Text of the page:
Reducing the dimensionality of the data

Due to the large number of variables in the dataset, it is hard to comprehend all of the relationships between the variables using a scatter plot or correlation matrix. Using a data reduction technique such as principal components analysis (PCA) reduces the dimensionality of the dataset whilst retaining as much of the variability in the data as possible. The first few principal components retain most of the variation in the original variables, and, to make interpretation simpler, they can be used to describe the relationships between the original variables and similarities between observations.

PCA is a mathematical technique that reduces dimensionality by creating a new set of variables called principal components. The first principal component is a linear combination of the original variables and explains as much variation as possible in the original data. Each subsequent component explains as much of the remaining variation as possible under the condition that it is uncorrelated with the previous components.

  1. On the Analyse-it ribbon tab, in the PCA group, click Principal Components.
    The Principal Components task is added to the analysis task pane.
  2. Select Scale.
  3. Select Variances, Coefficients, and Color maps.
  4. Click Recalculate.
    The results are calculated and the analysis report opens.

The variances table shows the amount of variance in the original data explained by each principal component (also called the eigenvalues). Because the data was standardized, a principal component with a variance of 1 indicates that the component accounts for variation equivalent to one of the original variables. Also, the sum of all the variances equals the number of original variables.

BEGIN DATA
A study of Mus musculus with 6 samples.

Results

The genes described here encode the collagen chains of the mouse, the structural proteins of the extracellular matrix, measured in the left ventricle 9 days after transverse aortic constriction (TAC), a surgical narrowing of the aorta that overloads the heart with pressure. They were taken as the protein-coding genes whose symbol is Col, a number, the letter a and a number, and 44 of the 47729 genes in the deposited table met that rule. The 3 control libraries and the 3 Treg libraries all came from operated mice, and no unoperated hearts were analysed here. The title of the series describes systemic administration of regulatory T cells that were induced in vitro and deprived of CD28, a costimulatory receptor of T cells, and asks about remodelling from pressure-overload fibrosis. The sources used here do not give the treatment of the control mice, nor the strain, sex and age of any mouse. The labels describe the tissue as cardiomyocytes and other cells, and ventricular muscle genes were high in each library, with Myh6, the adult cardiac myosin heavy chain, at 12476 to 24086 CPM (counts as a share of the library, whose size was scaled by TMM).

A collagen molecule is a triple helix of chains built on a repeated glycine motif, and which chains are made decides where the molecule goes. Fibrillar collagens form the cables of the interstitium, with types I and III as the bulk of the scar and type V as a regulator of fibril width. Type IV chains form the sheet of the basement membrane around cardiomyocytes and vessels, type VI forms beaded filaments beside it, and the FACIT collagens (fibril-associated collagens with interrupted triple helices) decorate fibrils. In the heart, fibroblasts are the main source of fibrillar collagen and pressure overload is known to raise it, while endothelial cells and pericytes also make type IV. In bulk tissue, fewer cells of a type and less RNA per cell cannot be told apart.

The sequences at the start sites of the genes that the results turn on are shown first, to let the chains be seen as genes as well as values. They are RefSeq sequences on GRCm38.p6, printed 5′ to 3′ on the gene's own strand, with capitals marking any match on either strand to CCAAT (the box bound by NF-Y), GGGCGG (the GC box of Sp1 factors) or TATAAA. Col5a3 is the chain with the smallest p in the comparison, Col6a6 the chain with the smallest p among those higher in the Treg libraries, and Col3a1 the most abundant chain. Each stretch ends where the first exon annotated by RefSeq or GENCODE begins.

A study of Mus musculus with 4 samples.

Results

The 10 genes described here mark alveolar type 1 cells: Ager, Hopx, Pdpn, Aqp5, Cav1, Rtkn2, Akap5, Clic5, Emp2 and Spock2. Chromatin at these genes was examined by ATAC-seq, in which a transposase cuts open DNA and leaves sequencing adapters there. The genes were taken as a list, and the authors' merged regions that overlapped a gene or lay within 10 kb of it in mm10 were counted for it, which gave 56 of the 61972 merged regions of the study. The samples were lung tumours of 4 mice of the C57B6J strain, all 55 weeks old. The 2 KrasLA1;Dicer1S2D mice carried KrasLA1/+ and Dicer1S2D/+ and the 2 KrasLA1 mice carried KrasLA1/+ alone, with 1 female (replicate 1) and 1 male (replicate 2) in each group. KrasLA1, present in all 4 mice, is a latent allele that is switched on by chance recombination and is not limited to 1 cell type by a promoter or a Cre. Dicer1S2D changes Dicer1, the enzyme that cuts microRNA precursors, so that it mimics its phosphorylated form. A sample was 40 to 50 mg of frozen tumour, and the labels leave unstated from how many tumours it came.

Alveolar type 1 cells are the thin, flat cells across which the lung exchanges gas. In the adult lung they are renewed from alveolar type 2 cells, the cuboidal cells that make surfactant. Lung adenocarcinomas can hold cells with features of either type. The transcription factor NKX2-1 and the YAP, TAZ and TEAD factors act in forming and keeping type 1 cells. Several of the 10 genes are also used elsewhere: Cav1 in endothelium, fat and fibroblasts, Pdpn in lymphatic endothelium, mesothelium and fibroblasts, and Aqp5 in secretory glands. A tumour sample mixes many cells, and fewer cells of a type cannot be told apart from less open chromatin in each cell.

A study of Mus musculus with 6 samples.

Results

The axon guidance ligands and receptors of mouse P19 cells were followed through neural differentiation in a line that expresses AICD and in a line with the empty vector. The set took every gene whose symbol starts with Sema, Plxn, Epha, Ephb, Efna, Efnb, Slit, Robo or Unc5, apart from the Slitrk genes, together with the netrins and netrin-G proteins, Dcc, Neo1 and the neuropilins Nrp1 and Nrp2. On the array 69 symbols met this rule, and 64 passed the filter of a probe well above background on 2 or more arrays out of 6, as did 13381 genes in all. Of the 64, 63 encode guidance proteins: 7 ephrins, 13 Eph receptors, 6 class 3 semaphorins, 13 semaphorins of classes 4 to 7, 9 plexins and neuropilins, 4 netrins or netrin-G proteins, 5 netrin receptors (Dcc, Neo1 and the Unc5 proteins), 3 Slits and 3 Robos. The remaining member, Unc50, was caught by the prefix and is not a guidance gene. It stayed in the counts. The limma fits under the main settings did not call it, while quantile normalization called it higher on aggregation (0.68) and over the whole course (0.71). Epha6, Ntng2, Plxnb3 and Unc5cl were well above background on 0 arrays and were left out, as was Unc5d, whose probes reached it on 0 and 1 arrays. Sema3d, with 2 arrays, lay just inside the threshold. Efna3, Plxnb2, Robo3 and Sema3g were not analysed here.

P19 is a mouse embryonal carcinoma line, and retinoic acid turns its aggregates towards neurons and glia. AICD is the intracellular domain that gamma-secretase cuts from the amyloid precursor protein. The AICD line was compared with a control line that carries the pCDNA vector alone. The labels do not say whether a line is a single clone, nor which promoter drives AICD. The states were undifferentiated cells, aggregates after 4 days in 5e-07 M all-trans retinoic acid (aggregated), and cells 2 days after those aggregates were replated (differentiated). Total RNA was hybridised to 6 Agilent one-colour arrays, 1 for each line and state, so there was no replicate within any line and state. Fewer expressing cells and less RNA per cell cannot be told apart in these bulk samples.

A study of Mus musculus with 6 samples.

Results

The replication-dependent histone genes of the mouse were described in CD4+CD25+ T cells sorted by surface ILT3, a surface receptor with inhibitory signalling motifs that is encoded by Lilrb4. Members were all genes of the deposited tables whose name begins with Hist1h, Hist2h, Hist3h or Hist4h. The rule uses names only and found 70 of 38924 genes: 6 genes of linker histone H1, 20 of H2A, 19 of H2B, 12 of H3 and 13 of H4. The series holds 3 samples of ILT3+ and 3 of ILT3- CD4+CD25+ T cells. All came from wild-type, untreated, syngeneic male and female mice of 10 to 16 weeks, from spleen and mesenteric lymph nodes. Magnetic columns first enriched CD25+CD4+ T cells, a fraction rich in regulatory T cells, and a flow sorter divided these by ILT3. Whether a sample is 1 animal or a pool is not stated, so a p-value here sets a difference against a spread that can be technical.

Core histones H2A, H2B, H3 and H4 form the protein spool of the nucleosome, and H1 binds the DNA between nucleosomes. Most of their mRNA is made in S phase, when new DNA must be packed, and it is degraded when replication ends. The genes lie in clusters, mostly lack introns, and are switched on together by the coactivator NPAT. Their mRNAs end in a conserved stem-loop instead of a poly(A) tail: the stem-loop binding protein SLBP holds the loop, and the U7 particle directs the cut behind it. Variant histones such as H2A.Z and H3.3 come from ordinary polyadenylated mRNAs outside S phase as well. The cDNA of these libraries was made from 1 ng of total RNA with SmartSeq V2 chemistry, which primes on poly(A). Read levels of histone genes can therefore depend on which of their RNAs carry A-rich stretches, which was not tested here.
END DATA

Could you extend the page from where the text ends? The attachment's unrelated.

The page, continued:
PCA variances table(click to enlarge)

There are many ad-hoc rules regarding the number of components to retain to adequately describe the data. According to the table, the first two principal components account for nearly 70% of the variance in the original 12 variables, whilst the first three components account for nearly 80%.

The coefficients table shows the linear combinations that make each principal component, and the color map shows the structure of the components. Absolute values near zero indicate that a variable contributes little to the component, whereas larger absolute values indicate variables that contribute more to the component. The sign of the coefficients is irrelevant and may even differ when the analysis is performed on different computers.

PCA coefficients table(click to enlarge)

There is not necessarily a simple interpretable structure to the principal components because they are created to maximize the amount of variance whilst remaining uncorrelated with the other components. By trying to interpret the coefficients in the table, we can see that the first component is an average of many different variables; the second component represents mainly crime, wellness, and, to a lesser extent, schools and housing quality; and the third component – although it still has some reasonable sized contribution from other variables – represents mainly green space.